Exploding Pentecostal Myths: Pentecostal theology isn’t necessarily Arminian

Welcome to, what I hope will be, an occasional series attempting to break down some of the myths that have grown up about Pentecostalism.  And to get the ball rolling lets dispel that myth that Pentecostals are all Arminians. When I first met a good friend of the Reformed persuasion, and he found out I was a Pentecostal, his first reaction was something along the lines of ‘Oooh, an Arminian!’ And that’s not the only time it’s happened. Now, it’s true, there are many Arminian Pentecostals. There are even whole denominations of Arminian Pentecostals in some countries. And, undoubtedly, that’s where the myth has come from, for the big Pentecostal denominations in the United States tend to be Arminian. In fact, in America they have what they call Holiness Pentecostalism, which comes out of the Wesleyan tradition (and Wesleyanism is a form of Arminianism). One of the first, and most influential, books on Pentecostal origins and theology, Dayton’s Theological Roots of Pentecostalism, concentrates on this Wesleyan branch of the movement in America, and so, as a result, Pentecostals in many countries which have no comparable movement, have read a Wesleyan Arminianism that was never there back into their own origins.

British Pentecostalism differs from its American counterpart in many ways, and this is no exception. None of the three main British Pentecostal movements take an officially Arminian doctrinal stance. Nor do they take an officially Calvinist stance. And all three have had prominent ministers of a Calvinistic persuasion.

Of course, I’m most familiar with the situation in the Apostolic Church. In the early days of the movement Calvinism and Arminianism weren’t discussed as wholesale positions, but various doctrines which played major roles in either the Calvinist or Arminian scheme were. (Incidentally, the lack of Calvinist/Arminian binary debate highlights the fact that, although they’re the more common positions in the English-speaking world, they aren’t the only two alternatives. Lutheranism is a fully Protestant position which is neither Calvinist nor Arminian.) So let me just touch briefly on some of these.

Election and Predestination:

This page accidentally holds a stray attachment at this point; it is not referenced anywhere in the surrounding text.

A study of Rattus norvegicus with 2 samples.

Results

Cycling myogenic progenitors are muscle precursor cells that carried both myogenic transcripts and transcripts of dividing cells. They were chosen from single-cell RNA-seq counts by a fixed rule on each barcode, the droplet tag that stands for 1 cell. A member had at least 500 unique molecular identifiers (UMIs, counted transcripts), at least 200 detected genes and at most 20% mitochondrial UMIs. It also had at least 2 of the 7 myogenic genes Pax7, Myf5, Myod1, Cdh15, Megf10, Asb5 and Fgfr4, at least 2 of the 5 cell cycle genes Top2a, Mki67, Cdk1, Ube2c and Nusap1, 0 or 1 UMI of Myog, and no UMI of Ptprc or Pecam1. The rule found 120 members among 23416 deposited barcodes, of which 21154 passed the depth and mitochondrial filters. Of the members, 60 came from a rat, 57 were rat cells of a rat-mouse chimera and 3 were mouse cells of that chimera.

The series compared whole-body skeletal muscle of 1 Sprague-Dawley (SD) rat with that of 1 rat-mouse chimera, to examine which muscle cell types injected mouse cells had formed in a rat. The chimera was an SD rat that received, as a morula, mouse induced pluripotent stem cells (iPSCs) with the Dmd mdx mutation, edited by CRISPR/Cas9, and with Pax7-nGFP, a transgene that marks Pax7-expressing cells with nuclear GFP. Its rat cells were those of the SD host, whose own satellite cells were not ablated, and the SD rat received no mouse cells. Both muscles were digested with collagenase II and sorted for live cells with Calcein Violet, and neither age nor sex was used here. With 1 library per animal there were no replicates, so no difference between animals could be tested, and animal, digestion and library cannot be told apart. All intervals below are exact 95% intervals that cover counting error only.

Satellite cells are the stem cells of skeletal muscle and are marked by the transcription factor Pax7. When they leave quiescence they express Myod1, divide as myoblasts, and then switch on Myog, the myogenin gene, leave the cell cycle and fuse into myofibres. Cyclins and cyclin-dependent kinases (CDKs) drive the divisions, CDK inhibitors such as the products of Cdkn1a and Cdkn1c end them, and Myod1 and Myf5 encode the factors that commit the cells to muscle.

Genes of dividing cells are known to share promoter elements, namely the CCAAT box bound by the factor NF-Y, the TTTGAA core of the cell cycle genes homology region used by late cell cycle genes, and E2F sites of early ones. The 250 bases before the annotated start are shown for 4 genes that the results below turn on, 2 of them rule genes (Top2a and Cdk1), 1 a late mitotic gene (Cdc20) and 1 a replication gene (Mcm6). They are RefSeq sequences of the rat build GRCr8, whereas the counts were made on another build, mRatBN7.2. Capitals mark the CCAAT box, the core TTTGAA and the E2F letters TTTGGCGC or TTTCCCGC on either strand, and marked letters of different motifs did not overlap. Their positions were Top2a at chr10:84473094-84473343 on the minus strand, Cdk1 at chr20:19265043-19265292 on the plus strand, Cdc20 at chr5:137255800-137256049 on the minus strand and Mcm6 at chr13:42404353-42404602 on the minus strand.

The doctrine of election was highly valued by the early Apostolics. According to one, 'election, with its design of Christ character, is treated as the central sun of God’s eternal purpose; all other teachings, however much we value them, are regarded as so many planetary satellites.’ W.A.C. Rowe favoured unconditional election, writing that ‘some must come’ to Christ for salvation. (Rowe wasn’t a classical Calvinist, but his view can be read as either a modified Lutheran approach, or a rather modified Amyraldianism.) In the early years of the movement, Prophetical ministry was given in the Penygroes Convention, accepted by the leadership, and later published in the Riches of Grace and distributed around the world, declaring: ‘Chosen and predestined are some, according to mine eternal purposes, unconditionally, according to the Divine decree that has found its essence in the Eternal One.’ Unconditional election is certainly not an Arminian doctrine!

Total Depravity:
It’s not just the first point of Calvinism, and an essential of Lutheranism, it’s also the first point of the second Tenet of the Apostolic Church. (Of course, some forms of Arminianism do accept total depravity too.)

An Effectual Atonement:
For the early Apostolics, the Cross didn’t simply give the possibility of salvation, it actually saves. Christ’s finished word brings about justification and sanctification (Tenet 4). Christ’s sacrifice on the Cross is an ‘atoning death’, not a potential atonement (Tenet 3). Arminianism posits a potential atonement, and so the Arminian American Assemblies of God writer Myer Pearlman has to use rather different language to describe the Cross, writing that ‘Christ’s death has made the reconciliation of all mankind to God possible’ (emphasis his). How different from the way the early Apostolics put it, like the Reformation positions of the Lutherans or Calvinists, pointing to an effective atonement. As D.P. Williams wrote. ‘the justification of sinners … [is] effectually procured by [Christ’s] propitiation.’ The Cross of Christ actually saves.

The Sovereignty of God
God’s Sovereignty was also a vitally important doctrine to the early Apostolics. At the centre of their theology stood God’s Eternal Purpose concerning Christ and His Church, and so they stressed the sovereignty of God in the certainty of His purpose coming to pass. As W.A.C. Rowe put it, ‘Crowning the sun of all God’s qualities and abilities is His perfect and holy will (Romans 12:2). He executes His counsels and judgements and carries out His eternal purpose and none can stay His hand.’ Elsewhere he writes of Christ’s sovereignty ‘encircl[ing] individual life’. D.P. Williams wrote that ‘He rules over His foes to bring His purposes to pass. He keeps all His creatures to the end that they … may be instrumental to bring into effect His grand designs … Omnipotence rules all.’ He also stressed the sovereignty of God’s grace: ‘grace, through Jesus Christ our Lord, is omnipotent.’

So, Not All Pentecostals Are Arminian
Don’t get me wrong, I haven’t set out to prove that the Apostolic Church was either Calvinist or Lutheran; it wasn’t, it was Apostolic! (And remember, the point of this series is exploding myths, not building up positive cases.) But what is clear is that many (if not most) of the early Apostolics weren’t Arminians. Yet they were Pentecostal. And that’s just the Pentecostal movement with which I’m most familiar. I don’t know what exactly can be said about the early days of Elim or the AoG, but I do know of Calvinistic pastors who sit very happily in those movements today. So, the next time someone tells you all Pentecostals are Arminians, tell them it’s just not true.